Fearless. It is a word one would naturally associate with every urban, independent woman who steps out to earn her rightful position in society, who demands to be treated with respect and who deserves every bit of independence she gets. But does the word even hold true of these women anymore? Are the urban, independent, educated women honestly fearless, or are they gripped with a constant sense of impending doom every time they step out of their houses?
The rapidly increasing rape cases, the growing boldness with which eve-teasers are approaching women, the incredibly hostile treatment which women are getting when they’re asking for help are all indicators of how much most of us have been pushed into a corner. We’re judged for our “open” viewpoints, we’re judged when we step out to go to work, we’re judged when we wear clothes which are flattering to our forms, we’re judged when we have male friends over, and we’re judged when we return home late from work, or from a social engagement. All of these factors are held against us when we stand up to complain about being mis-treated by men on the streets. We’re not just made the perpetrators of the crime by the police and other public bodies, but often, our friends and family tend to tell us that we got what we deserved, because we’re too “fast” in our norms, and that we must maintain a low profile so as to not provoke the male libido into action.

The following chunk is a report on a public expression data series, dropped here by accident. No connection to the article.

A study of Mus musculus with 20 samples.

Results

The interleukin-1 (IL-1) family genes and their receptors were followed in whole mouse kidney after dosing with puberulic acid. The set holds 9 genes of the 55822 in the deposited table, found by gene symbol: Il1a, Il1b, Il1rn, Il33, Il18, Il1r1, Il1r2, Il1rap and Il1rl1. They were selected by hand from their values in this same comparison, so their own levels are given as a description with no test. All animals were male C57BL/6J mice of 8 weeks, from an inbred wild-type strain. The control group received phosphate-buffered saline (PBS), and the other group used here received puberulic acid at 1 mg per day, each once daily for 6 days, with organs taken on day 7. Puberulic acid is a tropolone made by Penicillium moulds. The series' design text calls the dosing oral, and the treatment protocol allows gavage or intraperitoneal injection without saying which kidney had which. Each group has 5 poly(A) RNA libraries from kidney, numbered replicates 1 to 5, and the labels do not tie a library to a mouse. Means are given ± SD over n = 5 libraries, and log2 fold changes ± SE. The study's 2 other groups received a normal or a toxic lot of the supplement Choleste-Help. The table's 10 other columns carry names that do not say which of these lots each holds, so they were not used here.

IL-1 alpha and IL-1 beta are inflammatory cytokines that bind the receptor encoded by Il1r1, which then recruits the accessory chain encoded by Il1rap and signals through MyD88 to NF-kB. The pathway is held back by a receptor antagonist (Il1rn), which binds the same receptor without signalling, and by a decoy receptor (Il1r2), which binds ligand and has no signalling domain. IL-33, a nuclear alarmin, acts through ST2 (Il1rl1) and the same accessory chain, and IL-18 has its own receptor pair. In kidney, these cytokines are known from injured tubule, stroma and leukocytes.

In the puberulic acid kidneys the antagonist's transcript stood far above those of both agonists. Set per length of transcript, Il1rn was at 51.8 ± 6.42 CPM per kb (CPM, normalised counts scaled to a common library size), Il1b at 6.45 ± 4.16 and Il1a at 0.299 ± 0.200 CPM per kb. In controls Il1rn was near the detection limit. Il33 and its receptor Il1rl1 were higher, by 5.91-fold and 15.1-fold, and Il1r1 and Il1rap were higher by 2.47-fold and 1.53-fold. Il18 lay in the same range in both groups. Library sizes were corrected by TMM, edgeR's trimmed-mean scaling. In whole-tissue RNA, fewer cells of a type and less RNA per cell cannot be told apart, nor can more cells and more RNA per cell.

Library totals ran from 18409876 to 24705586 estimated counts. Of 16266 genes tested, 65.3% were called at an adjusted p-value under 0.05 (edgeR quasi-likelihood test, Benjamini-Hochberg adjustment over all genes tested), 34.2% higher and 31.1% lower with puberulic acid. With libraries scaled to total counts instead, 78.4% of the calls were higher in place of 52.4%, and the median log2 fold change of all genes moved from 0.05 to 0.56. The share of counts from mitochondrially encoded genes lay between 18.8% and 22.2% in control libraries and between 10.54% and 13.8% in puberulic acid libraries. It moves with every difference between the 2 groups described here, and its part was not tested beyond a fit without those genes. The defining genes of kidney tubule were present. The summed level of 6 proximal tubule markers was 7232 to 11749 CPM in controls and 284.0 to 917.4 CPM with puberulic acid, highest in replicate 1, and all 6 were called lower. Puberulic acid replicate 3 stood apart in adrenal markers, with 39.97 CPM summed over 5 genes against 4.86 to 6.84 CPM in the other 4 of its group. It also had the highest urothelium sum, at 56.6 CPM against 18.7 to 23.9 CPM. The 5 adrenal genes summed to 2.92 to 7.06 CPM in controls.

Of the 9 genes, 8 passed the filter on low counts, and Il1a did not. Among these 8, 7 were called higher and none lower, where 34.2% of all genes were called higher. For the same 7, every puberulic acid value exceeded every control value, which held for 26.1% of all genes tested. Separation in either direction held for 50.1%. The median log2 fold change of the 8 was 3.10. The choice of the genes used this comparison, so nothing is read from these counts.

If we were to honestly be fearless, we would wear whatever we wanted to, without giving a second thought to how our characters would be assessed, we would dress without worrying about the uncontrollable male desire which may spring up on us, much against our will. If we were to be fearless, we would not worry about how we talk, walk, and behave, we would not constantly feel the ire of society upon us, because we’re independent women, and we would not be scared to walk down the streets even during midnight. To be fearless is to be unapologetic about our clothes and about our growth. To be fearless is to not always curb everything we do so as to not attract attention to ourselves. To be fearless means to not be afraid to celebrate our sexuality.
But most importantly, to be fearless is to speak out. If we know that we are being made to hide ourselves, quite literally, under layers of clothes and demure expressions, we should stand up and raise our voices against it. We should be able to stop and stare the moral police in the eye. We should be able to change the subtle reinforcements which exist in our very homes, the small things which condone and breed sexism and patriarchy. To be fearless means a lot of things, but most importantly, it means, to be able to change what we want changed. It defines the courage that is required of every woman with a voice.
This is a guest article by www.glad2bawoman.com. To read articles on Health, Lifestyle, Relationships, Empowerment and Leisure, visit this woman-centric online magazine which has a fast growing community of over 75,000 members.